Despite masquerading as a fully paid-up participant of this club we call adulthood, there are times when I seem to mislay my membership card. The simplest things can prompt my regression: I spend a day with my family and revert to the role of truculent teenager; catch a glimpse of Take That from the 90’s and am reduced to tears as I mourn my relationship with Gary Barlow. (If only he realised how perfect we could have been together). I can now proudly add into this mix my latest retrogressive cue – Twitter. Having joined 9 months ago in the name of promoting the Bookaholic brand (if that doesn’t sound smugly adult, I don’t know what does) I find myself now exceptionally torn by my conflicting experiences so far. Does tweeting enhance my literary life? I really can’t decide.
There is something exceptionally cliquey about this particular form of social media that smacks just a little too much of being back at school. Having decided to follow swathes of other book bloggers to fill my feed with recommendations and reviews, I find myself isolated on the edge of a well-established group who all interact on what appears to be an hourly basis. I may seem like someone who is outgoing and even extroverted but having made brief attempts to infiltrate, I quickly gave up when I realised I am unable to commit to the constant communication. I was never one of the cool kids at school (ok, that’s a massive understatement) and I find myself once again watching from the sidelines feeling distinctly left out. Whilst I have drawn the line at stomping up to my bedroom to burn scented candles and listen to A Million Love Songs on repeat, I can’t help feeling it’s only a matter of time.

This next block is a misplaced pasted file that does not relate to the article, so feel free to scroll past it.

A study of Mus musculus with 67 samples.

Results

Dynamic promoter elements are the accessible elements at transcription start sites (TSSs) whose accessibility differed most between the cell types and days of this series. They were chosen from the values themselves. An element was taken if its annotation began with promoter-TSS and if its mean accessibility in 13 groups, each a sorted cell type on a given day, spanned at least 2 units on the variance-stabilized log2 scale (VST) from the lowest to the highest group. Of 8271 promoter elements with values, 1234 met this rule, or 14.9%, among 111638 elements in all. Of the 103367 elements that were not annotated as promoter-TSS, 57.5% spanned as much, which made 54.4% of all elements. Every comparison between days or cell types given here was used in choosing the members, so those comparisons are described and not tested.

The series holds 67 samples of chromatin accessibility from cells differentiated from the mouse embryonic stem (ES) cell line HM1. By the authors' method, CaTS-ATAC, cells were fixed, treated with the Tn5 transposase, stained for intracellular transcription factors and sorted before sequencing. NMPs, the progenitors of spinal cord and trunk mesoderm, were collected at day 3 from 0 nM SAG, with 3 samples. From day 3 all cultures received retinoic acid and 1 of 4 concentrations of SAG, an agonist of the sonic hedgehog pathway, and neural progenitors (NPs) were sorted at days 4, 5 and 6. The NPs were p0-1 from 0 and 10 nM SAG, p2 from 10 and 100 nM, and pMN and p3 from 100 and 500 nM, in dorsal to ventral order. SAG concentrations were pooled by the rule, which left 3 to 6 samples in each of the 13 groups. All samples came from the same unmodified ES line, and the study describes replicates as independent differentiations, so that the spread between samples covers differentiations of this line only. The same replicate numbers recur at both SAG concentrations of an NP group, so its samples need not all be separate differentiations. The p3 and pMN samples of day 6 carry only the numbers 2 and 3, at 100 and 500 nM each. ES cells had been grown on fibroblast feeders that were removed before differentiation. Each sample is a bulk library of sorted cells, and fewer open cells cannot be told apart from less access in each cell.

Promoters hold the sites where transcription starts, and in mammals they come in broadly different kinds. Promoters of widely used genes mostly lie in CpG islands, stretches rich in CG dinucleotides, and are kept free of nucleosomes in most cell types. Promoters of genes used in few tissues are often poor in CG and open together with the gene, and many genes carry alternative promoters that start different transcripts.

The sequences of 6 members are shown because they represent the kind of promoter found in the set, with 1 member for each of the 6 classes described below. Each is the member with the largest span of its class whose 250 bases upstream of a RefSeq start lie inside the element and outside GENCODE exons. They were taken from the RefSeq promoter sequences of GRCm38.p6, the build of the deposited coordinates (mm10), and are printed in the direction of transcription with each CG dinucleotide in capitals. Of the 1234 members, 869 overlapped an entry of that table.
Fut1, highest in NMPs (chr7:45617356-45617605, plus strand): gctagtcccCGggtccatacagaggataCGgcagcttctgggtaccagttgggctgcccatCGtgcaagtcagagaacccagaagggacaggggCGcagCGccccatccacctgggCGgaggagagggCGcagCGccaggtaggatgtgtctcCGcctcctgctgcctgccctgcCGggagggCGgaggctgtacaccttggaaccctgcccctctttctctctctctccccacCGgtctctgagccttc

On the other hand, there have also been some incredible positives to joining the Twitter community, not least that I now get approached to review books in return for a free copy of the novel in question. (“Free books” may literally be my definition of “living the dream”). Then there are the connections with authors I admire which I would never have made in the real world, where “following” them would have more likely led to a restraining order. Nothing beats the excitement of engaging in electronic conversation with a writer whose work you truly adore and it’s an addictive Bookaholic buzz. One individual even sent me a copy of a limited signed edition as a random act of kindness that has honestly made my year. Moments like these truly lift my heart and make me think it isn’t so bad after all.
For now I will probably continue falling in and out of love with Twitter on a daily basis, making and breaking connections until I find the right community where I feel at home. (I’m sure there is a support group somewhere for those whose hearts Gary broke). In the meantime if anyone needs me I’ll be locked in my bedroom writing angst-ridden poetry. It’s what teenage Becky would want, after all.